A couple of weeks ago I spied a client sitting with her husband and child at an outdoor table under a sun-filled azure sky. Happiness flooded her face. She was taking a lunch break on one of the three days she works from home. She had found a new job with minimal commuting that uses her past experience, is focused on her passions and allows her to work independently with little supervision. Lovely.
Her previous job was filled with success and she was comfortable. She could have continued to stay with it but a growing restiveness led her to explore other possibilities. The challenge of a new job was appealing because she knew that one of the secrets to thriving is continual learning. Sarah also knew that when she decided to return to school.
Sarah already had a BA and MFA from two of the finest schools in the country when I met her but she had discovered that a degree is not a career plan; it’s just one piece of the puzzle. So here she was – credentialed and miserable. We worked together for a long time. Occasionally Sarah got stopped for short periods of time but she managed to stay with the process and finally was able to clarify that she wanted to blend art, science and education. With no exact job title to describe this work, she knew she was on the right track when she found people who were doing what she wanted to do. She compared her background to theirs and became convinced she needed more education. Another degree? Yes. In August she begins a Masters’ program in Design. She’s excited and considers the financial investment in her education worth it because she will reap the benefits for the rest of her life.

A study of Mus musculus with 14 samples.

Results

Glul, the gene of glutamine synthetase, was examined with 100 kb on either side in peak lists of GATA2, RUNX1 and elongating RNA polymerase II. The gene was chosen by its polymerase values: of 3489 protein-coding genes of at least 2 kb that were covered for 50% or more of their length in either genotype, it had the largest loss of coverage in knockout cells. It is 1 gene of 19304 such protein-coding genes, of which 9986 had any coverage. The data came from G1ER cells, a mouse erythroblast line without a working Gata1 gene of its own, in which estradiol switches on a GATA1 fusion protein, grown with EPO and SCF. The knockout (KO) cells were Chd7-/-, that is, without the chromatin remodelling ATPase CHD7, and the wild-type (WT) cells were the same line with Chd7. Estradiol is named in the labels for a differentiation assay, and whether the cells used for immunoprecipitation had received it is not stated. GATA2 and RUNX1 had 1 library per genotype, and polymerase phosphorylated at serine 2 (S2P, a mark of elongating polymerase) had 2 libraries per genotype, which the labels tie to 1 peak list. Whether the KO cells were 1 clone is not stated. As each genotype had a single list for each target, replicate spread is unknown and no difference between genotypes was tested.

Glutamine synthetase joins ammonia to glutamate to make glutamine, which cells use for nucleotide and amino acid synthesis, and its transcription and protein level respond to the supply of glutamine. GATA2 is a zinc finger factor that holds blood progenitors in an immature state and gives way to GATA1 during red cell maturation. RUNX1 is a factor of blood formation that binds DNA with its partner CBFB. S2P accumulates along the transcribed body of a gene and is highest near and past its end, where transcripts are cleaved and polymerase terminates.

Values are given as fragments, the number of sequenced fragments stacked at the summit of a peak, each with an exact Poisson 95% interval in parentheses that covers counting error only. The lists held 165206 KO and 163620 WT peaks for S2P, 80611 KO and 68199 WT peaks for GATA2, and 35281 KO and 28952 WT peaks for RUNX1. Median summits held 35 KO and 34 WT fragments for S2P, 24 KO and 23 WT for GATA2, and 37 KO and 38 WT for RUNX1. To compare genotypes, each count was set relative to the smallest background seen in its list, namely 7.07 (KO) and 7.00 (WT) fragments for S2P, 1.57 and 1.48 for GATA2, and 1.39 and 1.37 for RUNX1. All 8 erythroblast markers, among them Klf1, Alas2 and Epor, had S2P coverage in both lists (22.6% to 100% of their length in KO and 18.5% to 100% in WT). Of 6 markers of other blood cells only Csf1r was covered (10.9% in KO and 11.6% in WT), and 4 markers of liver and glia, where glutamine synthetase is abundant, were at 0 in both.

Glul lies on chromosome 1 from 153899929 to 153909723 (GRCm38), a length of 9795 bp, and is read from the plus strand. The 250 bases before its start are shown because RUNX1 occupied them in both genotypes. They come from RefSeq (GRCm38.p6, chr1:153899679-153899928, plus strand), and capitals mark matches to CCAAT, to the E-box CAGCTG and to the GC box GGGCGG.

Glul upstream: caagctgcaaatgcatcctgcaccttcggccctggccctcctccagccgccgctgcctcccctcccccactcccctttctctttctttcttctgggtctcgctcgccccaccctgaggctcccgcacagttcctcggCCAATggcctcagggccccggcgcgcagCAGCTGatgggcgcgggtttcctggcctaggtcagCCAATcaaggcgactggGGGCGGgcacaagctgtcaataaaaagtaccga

After applying for school, Sarah took two more giant steps: she got married and bought a house. And, she landed a great summer job. When we take steps in one area of our life, it often leads to momentum in others.
The 3 C’s
Both of these clients used what I think of as the 3 C’s of thriving at work (and in our lives): clarity, commitment and courage. In this highly competitive job market, it’s not enough to go for a job, any job. If you do that, you’ll present yourself as a weak candidate. To land work that’s a great fit, get clear about what you want and about what you have to offer. Clarity will focus your job search and give you enthusiasm in the interview process. Then make a commitment to your dream, including the lifestyle you yearn for, and take steps that are consistent with this commitment. Third, draw on your courage – the courage to change, take some risk, and stick with it, no matter what.
Here’s what I see: clarity begets clarity, commitment begets commitment, and courage begets courage. Your whole life will enlarge when you take a stand for what you want, go for it, and stick with it.
PS Have you read my new book? You can order it from Amazon.com in a print or Kindle version: Thrive: The Entrepreneurial Path to a Great Life. Need an inspiring program for your company or assocation? I can lead a mini-workshop based on the book – 2 hours or less in length. Here’s what a past participant wrote: “I just wanted to tell you your presentation was honest, insightful and hilarious. I got a lot out of it, as did the other participants.”